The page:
A howling wind bedevils disgraced journalist Mikael Blomkvist (Daniel Craig) when he travels to a remote Swedish community to investigate a 45-year-old murder in The Girl With the Dragon Tattoo. Mikael opens the case by moving to a cottage on a practically snowbound island owned by a family of wealthy eccentrics. The wintry weather provides a low, constant roar that leaves the audience shivering and cultivates a sense of snowy menace worthy of The Shining.
Meticulous movie director David Fincher brings out such rich, tactile details in The Girl With the Dragon Tattoo that he makes the 2009 Swedish version look like a rough draft. Both films were based on the novel by deceased Swedish author Stieg Larsson, but Fincher delivers a far more moody and effective version of the same story. The Girl With the Dragon Tattoo serves as a slick, compelling thriller, but also a more conventional entertainment compared to Fincher's groundbreaking movies such as Zodiac or The Social Network.
Retired industrialist Henrik Vanger (Christopher Plummer) hires Mikael to solve the mystery of his teenage niece Harriet, who disappeared from the Vanger's island in 1966, when a bridge accident separated the isle from the mainland. Was she murdered, and if so, was the crime connected to a series of atrocities against women that Mikael uncovers? Flashbacks to the fateful day have a warm, dreamy glow compared to the present day's frozen color scheme. Fincher seems only mildly interested in the whodunit, with its isolated, Agatha Christie-worthy setting and its indistinguishable crowd of aging Scandinavian suspects.
The title role provides an understandable distraction. Rooney Mara, best known as Mark Zuckerberg's ex-girlfriend in The Social Network, plays Lisbeth Salander, an antisocial computer savant and ingenious researcher who dresses like a kinky punk rocker, with a pierced upper lip that gives her a perpetual scowl. Noomi Rapace's ferocious Lisbeth provided the best aspect of the Swedish version, but Mara portrays the character as both more vulnerable and less mentally stable. She's small-framed and skittish of human interactions that don't involve casual sex, but also capable of savage outbursts.
The modem-like shrieks and blasts of static on Trent Reznor's soundtrack evoke Lisbeth's preoccupation with the Internet. When her legal guardian begins to sexually harass her, the increasingly loud sound of a janitor's floor waxer in a distant hallway captures Lisbeth's dread. Later, Lisbeth exacts violent revenge on a sexual predator, her eyes so surrounded by thick black makeup, she could be wearing wraparound sunglasses. Here Mara seems almost exultant in her own rage and insanity, as if Lisbeth finally gives her demons free reign.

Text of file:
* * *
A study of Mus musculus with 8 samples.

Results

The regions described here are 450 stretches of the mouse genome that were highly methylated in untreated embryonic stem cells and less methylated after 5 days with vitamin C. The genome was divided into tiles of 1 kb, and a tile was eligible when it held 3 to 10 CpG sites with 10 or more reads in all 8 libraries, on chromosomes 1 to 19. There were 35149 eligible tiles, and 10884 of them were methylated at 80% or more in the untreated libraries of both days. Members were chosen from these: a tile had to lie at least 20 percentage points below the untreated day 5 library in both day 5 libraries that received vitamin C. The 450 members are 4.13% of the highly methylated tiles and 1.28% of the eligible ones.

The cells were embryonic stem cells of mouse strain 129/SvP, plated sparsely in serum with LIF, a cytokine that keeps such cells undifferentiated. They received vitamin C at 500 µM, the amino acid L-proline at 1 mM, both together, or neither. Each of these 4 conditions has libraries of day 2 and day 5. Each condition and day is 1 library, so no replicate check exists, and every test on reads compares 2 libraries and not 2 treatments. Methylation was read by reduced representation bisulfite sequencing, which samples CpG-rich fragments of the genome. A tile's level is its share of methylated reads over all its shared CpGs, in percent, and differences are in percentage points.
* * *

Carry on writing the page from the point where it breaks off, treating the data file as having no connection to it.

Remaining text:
It takes nearly half the movie for Mikael to meet Lisbeth and hire her as his assistant. "I want you to help me catch a killer of women," he says, instantly seizing her interest. The Girl With the Dragon Tattoo picks up momentum when the duo combine their skills, and occasionally echoes the obsessive attention to musty archives and tell-tale facts that drove Fincher's superb docudrama Zodiac. Lisbeth's ability to hack into anybody's computer or email gives her insights into people worthy of Sherlock Holmes. The film's subtext suggests that the Information Age can shed light on corruption and evil.
Apart from shaping Mara's performance, Fincher seems most excited by the provocative opening titles, a morphing series of oily black images that segue from motorcycle parts to USB cables to flowers to a man and woman in a violent embrace, accompanied by a cover of Led Zeppelin's "Immigrant Song." If Hollywood adapts the other two books in Larsson's trilogy, it's easy to imagine the same title concept continuing throughout, like the James Bond credits.
The Girl With the Dragon Tattoo serves as a sleek, supercharged version of a pulpy best-seller, but doesn't transcend its genre the way films like Psycho or The Silence of the Lambs did. In all its versions going back to the source novel, The Girl With the Dragon Tattoo flirts with a double standard.
The story decries misogyny and male violence against women, but by means of a heroine who seems like a male fantasy figure. A damaged, asocial victim of multiple kinds of abuse, Lisbeth Salander is also bisexually voracious, totally hot, and has the hand-to-hand combat skills of a comic book crimefighter. She's a compelling character and a great role, but seldom seems like a credible human being.